Uranium prices are currently only in the low-$20s per pound, which is a far cry from the $150 per pound that it fetched at its peak a decade ago. That said, a recent report from RBC Capital Markets suggests that better days could lie ahead for the metal's prices. While that rising tide would lift the entire sector, the two uranium stocks that investors should consider buying today with that future in mind are Cameco Corp. (NYSE:CCJ) and Denison Mines Corp. (NYSEMKT:DNN).
The coming bull run
According to RBC Capital Markets, the price of uranium will likely be relatively range-bound in the near term, generally holding between $20 to $25 per pound over the next two years as the market works through its current supply issues. Beyond that, though, it foresees prices starting to creep up to the $30 to $40 per pound range from 2019 through 2021 due to the impending roll-off of contracts.
Then things get interesting: RBC believes that prices will start to spike after 2021 because the uranium mining industry isn't expected to be producing enough uranium to meet market demand, which should spur the development of new mines. In RBC's view, prices could hit $70 a pound by 2028.
Propelling the rising demand for uranium is the fact that countries continue to build nuclear reactors. In fact, there are currently 57 nuclear reactors under construction around the world, 20 of them in China. Those new reactors will increase that country's nuclear power generating capacity from 35 GWe up to 58 GWe by 2020. The expectation is that as all of these new reactors worldwide come online, it will start driving up the price of uranium.
The assets to survive and thrive
That looming bull run in prices plays right into the hands of Cameco, which is currently the world's second largest uranium producer. While it has struggled due to the lower prices its production has commanded in recent years, CEO Tim Gitzel had this to say to investors last quarter:
Once the uncertainty clears and uranium demand picks up, we expect prices will move significantly higher, and we will be in the enviable position of being able to respond with expanded capacity at our low-cost, world-class assets.
These top-tier assets include its McArthur River mine in Canada, the world's largest high-grade uranium mine, which the company estimates has more than 258.1 million pounds of uranium remaining. In addition, Cameco owns a stake in Cigar Lake, where uranium grades are 100 times the world average, and Inkai, which is a significant source of low-cost uranium. In addition, the company has other sites where it has curtailed production due to market conditions, and thus the ability to ramp up output when demand rises. Finally, it has several growth projects in development that it could bring online when conditions permit. All of this makes Cameco a top option for investors seeking to profit from the steady improvement in uranium prices that is likely to occur in the coming years.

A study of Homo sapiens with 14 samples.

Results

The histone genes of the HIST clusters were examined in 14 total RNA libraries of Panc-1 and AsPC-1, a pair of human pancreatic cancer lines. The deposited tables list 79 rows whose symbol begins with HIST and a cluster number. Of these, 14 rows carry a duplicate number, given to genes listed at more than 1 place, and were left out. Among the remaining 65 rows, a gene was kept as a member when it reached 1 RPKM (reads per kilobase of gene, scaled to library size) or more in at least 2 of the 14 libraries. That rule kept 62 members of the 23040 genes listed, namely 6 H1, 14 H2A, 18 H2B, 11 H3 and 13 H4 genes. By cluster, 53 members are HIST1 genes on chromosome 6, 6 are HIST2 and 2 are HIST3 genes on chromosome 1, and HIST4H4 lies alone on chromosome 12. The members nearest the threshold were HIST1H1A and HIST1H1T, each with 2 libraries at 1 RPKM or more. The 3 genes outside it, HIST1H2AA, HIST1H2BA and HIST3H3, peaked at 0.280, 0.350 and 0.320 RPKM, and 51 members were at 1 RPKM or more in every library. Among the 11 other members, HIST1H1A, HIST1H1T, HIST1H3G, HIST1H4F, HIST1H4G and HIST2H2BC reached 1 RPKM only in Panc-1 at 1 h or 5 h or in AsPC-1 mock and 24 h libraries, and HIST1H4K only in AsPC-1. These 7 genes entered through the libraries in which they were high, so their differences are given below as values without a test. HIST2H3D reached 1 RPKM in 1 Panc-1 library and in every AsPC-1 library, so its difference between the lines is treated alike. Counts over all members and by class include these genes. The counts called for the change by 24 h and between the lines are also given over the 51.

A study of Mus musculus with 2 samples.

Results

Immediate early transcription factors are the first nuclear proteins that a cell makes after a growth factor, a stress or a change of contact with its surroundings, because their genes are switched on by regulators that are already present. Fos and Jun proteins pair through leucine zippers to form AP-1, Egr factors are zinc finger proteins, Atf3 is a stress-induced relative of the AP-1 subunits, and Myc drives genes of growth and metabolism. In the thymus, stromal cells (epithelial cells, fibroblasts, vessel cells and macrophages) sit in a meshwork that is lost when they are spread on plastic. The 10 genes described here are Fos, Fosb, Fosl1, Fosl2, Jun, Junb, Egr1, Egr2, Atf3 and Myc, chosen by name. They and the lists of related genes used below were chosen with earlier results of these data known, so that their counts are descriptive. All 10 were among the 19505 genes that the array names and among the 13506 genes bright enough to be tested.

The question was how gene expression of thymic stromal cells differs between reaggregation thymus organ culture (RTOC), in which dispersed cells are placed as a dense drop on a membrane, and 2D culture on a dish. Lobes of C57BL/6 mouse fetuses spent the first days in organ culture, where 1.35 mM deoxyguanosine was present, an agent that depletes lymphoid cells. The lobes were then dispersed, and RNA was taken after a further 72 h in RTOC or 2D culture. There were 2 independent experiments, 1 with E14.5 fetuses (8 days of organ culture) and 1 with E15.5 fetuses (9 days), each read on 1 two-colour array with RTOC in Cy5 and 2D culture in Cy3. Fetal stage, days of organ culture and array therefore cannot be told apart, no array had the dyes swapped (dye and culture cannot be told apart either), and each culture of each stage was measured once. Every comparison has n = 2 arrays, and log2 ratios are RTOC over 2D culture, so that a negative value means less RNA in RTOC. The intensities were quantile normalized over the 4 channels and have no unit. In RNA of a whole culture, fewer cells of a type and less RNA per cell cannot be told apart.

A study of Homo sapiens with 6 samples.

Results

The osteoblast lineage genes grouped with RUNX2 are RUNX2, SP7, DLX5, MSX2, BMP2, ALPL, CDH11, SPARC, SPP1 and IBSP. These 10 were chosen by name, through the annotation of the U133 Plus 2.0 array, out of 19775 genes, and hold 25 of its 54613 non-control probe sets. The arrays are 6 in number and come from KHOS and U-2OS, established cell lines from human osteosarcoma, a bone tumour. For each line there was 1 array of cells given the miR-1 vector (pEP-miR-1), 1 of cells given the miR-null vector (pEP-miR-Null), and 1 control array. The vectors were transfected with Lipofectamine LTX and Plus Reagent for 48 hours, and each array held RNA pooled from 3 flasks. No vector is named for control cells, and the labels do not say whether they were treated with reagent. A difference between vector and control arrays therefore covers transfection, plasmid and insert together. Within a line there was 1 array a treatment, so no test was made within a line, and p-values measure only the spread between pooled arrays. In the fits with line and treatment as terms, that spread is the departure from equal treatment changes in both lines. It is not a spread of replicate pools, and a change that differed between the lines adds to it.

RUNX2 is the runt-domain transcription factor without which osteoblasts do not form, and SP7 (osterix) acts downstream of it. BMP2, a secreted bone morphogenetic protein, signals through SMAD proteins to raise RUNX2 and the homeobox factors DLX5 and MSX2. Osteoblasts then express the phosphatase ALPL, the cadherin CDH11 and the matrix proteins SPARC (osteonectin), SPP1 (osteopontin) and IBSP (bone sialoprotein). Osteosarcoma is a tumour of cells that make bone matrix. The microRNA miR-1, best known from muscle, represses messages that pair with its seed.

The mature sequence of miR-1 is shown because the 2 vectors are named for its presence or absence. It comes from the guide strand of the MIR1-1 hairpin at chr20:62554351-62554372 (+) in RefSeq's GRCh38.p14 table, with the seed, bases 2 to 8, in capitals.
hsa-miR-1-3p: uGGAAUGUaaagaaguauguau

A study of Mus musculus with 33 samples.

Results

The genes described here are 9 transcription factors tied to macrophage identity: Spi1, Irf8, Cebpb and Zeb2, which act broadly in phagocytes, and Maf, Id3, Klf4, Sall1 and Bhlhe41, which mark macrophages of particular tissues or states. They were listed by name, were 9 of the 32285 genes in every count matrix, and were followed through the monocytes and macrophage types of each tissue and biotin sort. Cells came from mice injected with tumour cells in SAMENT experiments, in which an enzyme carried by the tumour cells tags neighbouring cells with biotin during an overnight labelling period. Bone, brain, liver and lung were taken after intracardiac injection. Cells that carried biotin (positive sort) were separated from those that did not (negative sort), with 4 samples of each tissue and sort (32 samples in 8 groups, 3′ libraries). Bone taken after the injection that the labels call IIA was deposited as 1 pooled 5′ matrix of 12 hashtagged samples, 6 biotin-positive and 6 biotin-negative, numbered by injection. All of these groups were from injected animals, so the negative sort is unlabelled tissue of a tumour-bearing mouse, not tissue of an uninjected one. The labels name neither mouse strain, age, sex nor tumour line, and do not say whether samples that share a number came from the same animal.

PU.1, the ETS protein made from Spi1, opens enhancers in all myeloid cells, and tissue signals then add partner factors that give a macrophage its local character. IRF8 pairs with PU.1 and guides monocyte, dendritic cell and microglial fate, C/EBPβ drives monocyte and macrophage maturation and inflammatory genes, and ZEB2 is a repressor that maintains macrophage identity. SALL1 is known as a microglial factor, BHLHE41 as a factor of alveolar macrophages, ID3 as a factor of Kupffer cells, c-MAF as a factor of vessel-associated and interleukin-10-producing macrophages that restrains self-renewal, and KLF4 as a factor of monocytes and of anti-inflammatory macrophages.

The long-term bet on higher prices
One of the many mines that Cameco has in development is the Wheeler River project. However, since Cameco only holds a 30% stake in it, investors could capture a much higher reward by going with its developer Denison Mines, which owns a 60% stake that could rise to 66% by the end of next year. While the project is only in the pre-feasibility study phase, it is the largest undeveloped uranium project in the Athabasca Basin of Canada, which is home to both the McArthur River and Cigar Lake mines. If everything goes according to plan, this new mine could start producing by 2025, just in time to catch the expected surge in uranium prices.
Even if prices don't top $70 a pound in the coming years, Denison Mines could still do very well. It expects that Wheeler River's average production cost would be about $19 per pound, so it could earn a healthy return on its investment in the project even at today's prices, and exponentially higher profit margins if prices match RBC's expectations.
That said, Denison Mines is a much higher risk investment than Cameco. What makes the company a huge gamble is that, as a development stage miner, it isn't yet generating any cash flow, meaning it needs to secure outside financing just to fund its share of the construction at Wheeler River. Finding that funding will be tough given the uranium market's current doldrums.
If RBC Capital Markets is right, uranium prices could skyrocket in the coming years, which should take uranium stocks along for the ride. The best-positioned company to ride that wave is Cameco, thanks to its top-tier portfolio of low-cost mines and the tools it has to expand its capacity. One of those tools is Denison Mines' Wheeler River project, which has the potential to be a tremendous value creator. It's a mine that could fuel explosive growth in Denison's stock price -- if the company can scrape together the cash to build it without diluting current shareholders into the ground.